My answer to the question asked in the title of this post is BOTH! I realize some enjoy reading more than others do, but most people do some reading.
Earlier this week I was reminded that I need to be reading both new and old books. We’re calling one of the Bible studies I am currently leading “An Overview of the Book of Revelation.” To prepare for this study I ordered a couple of newer books about Revelation that I have found useful.
In preparing for this week’s discussion I remembered a set of commentaries on the New Testament I have that I had not yet consulted in our overview. The set was written by William Barclay and is entitled THE DAILY STUDY BIBLE SERIES.
In just the introduction to his commentary on Revelation I found both the first and last paragraphs powerful and worthy of sharing with those in my overview. I want to share them with you as well.
On page one Barclay writes, “When a student of the New Testament embarks upon the study of the Revelation he [sic] feels himself projected into a new and a different world. Here is something quite unlike the rest of the New Testament. Not only is Revelation different; it is also notoriously difficult for a modern mind to understand. The result is that the Revelation has sometimes been abandoned as quite unintelligible, and it has sometimes become the playground of religious eccentrics, who use it to map out celestial timetables of what is to come, or who find in it evidence for their own eccentricities.”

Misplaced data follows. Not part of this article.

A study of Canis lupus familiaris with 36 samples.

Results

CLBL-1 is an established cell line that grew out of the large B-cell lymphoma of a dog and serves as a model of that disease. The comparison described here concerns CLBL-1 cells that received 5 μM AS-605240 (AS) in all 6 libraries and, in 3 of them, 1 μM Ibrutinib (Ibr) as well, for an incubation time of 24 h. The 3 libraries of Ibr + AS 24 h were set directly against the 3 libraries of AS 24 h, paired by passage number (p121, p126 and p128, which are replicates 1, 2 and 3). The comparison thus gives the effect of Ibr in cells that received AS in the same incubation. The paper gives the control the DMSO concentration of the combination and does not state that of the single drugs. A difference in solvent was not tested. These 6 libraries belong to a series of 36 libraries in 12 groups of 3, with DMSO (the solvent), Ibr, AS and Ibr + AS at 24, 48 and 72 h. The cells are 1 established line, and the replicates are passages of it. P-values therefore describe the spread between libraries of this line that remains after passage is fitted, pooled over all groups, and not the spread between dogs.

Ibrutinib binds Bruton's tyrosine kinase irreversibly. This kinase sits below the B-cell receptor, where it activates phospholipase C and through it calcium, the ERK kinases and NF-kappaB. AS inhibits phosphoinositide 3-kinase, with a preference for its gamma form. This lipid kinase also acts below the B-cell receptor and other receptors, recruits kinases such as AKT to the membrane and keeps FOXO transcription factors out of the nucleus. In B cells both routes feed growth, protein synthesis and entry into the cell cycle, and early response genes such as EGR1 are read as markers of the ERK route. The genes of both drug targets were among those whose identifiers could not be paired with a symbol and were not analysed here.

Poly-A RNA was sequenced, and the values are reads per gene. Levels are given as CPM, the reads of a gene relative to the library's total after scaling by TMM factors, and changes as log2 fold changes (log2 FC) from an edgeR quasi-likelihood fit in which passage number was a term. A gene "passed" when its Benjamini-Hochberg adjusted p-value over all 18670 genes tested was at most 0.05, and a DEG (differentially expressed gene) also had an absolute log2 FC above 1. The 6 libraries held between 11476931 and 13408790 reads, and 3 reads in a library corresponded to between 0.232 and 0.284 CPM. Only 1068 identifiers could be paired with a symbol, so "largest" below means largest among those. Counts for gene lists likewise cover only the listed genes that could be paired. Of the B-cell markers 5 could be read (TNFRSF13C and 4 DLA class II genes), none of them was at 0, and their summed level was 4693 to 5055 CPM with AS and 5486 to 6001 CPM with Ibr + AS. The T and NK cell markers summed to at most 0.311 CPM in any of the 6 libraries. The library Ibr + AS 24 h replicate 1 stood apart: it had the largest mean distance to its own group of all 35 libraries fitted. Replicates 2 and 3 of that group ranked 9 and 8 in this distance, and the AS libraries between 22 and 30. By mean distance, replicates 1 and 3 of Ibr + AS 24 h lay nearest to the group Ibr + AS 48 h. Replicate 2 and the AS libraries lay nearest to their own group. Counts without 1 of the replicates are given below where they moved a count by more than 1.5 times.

Twenty-four pages later he concludes his introduction, “No one can shut his [sic] eyes to the difficulty of the Revelation. It is the most difficult book in the Bible; but it is infinitely worth studying for it contains the blazing faith of the Christian Church in the days when life was agony, when men expected the end of the heavens and the earth as they knew them, and when they still believed that beyond the terror there was glory, and that above the raging of men was the power of Almighty God” (p. 24).
Barclay wrote the FOREWARD to THE DAILY STUDY BIBLE SERIES at the end of 1958 and it was first published in Scotland in 1959. My set of the series was given to me almost 50 years ago.
I’m still reading new books on Revelation (my newest was published in 2019) and doing my best to better understand this last book of the Bible. Even for those who are not particularly interested in Revelation, I recommend the first and last paragraphs of Barclay’s introduction. After some 70 years I think what he wrote is still worth reading.